When the social costs of production are able to be passed on to the consumers or to society, polluters are given an incentive to overproduce their product without facing many financial consequences.
These producers are not required to bear the full cost of production. They are thus able to meet or exceed the demand for the product and to receive a profit while keeping their marginal private costs relatively low. As shown in the graphic below, it would be advantageous for producers to operate products at the highest price and production rate; this causes a reduction in marginal social benefits but a rise in marginal social costs for the resources used to make the product.
When companies are faced with negative financial effects directly or indirectly related to pollution, they are given an incentive to under produce their own products or services to minimize their marginal private cost.
As with overproduction, this comes at a cost to the consumer but in the opposite direction; supply for the product or service is not met and tends to stay at a level below what would be ideal for the consumers. Basically, as shown in the graphic below, consumers are paying more for less to cover the costs of production. By not producing optimal levels of the product and charging a high price for what is produced, the company still receives its profit and keeps the marginal private cost low.
The sentiment of completely wiping out pollution is a common and noble reaction to what many of us see as a never-ending problem. However, it is often forgotten that such endeavors are not without their costs. A water-treatment facility, for example, incurs the cost of ensuring that a population's water supply is sufficiently filtered and made potable for consumption.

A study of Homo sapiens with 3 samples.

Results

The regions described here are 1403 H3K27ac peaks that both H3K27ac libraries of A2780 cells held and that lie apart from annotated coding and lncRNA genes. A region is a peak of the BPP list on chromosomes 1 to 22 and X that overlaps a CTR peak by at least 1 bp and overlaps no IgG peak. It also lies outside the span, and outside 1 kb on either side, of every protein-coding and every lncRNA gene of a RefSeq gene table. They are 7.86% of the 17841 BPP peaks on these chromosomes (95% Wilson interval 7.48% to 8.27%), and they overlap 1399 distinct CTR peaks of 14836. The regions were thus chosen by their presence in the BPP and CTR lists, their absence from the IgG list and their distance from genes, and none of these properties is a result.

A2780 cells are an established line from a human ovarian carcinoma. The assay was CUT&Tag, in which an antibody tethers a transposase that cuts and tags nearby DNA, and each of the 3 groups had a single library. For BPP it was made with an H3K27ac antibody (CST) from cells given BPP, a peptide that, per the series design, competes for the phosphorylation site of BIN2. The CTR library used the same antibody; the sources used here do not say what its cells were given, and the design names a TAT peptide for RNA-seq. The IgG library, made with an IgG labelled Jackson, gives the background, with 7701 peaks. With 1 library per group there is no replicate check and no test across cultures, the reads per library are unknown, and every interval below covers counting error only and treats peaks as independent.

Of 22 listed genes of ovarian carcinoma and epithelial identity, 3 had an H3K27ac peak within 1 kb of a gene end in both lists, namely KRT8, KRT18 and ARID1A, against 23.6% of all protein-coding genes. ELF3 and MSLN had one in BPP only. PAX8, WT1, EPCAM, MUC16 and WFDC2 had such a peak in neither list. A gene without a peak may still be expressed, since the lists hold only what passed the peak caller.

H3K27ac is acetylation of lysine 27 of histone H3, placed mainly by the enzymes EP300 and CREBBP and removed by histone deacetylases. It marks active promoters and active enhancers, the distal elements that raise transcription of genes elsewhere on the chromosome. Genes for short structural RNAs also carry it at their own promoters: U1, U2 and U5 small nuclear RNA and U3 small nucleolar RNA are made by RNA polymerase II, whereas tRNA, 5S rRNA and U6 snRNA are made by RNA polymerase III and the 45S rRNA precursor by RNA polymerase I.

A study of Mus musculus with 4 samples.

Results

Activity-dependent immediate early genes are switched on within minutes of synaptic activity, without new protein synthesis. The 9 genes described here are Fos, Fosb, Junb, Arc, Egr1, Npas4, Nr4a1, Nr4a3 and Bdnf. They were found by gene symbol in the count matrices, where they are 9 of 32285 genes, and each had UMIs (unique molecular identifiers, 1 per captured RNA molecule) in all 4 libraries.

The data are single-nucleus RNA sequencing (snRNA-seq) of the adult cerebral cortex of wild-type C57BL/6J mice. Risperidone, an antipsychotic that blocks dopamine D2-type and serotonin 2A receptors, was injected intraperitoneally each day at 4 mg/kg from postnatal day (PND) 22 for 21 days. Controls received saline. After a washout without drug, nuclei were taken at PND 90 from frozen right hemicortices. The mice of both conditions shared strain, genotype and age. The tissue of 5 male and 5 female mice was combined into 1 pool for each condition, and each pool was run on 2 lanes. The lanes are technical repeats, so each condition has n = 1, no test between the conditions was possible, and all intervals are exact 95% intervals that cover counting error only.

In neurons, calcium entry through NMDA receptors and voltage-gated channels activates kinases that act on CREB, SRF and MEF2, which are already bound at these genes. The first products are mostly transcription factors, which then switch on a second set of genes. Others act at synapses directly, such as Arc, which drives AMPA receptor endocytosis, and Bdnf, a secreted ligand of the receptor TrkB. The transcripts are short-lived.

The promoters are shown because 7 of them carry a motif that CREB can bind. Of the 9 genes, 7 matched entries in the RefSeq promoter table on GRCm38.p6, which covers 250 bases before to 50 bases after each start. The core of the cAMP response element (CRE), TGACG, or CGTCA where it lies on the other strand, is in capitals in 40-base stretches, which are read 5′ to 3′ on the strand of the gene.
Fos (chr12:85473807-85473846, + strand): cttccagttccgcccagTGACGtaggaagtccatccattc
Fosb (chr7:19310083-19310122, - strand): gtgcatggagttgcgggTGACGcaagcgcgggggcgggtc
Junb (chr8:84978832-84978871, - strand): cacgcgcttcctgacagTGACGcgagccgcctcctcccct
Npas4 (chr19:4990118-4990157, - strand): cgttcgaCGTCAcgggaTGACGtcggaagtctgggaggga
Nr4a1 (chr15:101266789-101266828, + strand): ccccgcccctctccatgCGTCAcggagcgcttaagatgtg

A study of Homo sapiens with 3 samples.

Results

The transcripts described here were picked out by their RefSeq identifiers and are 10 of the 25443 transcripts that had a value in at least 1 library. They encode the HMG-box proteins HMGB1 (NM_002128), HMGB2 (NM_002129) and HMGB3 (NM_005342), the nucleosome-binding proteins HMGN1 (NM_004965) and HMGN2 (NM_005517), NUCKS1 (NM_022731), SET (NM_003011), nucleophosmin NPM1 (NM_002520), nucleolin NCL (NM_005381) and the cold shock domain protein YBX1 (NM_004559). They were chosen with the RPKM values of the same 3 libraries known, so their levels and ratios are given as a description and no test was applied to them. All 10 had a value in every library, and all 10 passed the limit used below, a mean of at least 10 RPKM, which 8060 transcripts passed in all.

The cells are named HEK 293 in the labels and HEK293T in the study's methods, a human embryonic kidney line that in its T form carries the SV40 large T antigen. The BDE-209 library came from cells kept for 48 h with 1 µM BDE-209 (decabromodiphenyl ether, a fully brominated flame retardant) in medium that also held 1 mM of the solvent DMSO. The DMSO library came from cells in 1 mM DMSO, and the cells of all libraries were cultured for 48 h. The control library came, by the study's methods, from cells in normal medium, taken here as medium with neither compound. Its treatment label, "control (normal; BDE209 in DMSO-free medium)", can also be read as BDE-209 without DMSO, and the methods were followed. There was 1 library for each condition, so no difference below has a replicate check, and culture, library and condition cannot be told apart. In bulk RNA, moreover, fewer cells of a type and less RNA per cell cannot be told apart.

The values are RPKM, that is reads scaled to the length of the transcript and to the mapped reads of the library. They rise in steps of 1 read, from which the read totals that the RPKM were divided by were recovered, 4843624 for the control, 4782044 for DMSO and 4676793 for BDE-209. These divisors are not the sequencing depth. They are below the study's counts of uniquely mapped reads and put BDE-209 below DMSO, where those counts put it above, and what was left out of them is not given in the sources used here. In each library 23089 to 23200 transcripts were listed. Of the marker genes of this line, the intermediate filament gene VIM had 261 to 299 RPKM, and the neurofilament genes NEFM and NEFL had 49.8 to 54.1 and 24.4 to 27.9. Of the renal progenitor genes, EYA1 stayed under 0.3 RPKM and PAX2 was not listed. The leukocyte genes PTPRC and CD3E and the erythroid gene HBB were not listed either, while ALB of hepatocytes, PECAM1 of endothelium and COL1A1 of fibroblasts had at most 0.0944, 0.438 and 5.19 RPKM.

If the treatment plant has the added burden of cleaning waste pollution from surrounding factories, then its cleanup costs will increase proportionate to the amount of pollution that is has to neutralize. Once the treatment exceeds a certain point in its cleanup endeavors, the costs may begin to outweigh the benefits. For the treatment plant to bankrupt itself in its cleaning efforts would not be beneficial to the plant or its many customers.
This is true of pollution in general. There is no doubt that many, if not all, people would like to eradicate it. Initially, reducing the amount of pollution increases social well being and over time, reduces marginal social cost. However, to mindlessly continue to spend money on cleaning up pollution would eventually cause the marginal social cost to increase beyond the marginal social benefit. This is the opposite of what we want to happen by reducing pollution.
The ideal goal for pollution control would be to reduce pollution levels to a point that is as close as possible to equilibrium between the marginal social cost and the marginal social benefit.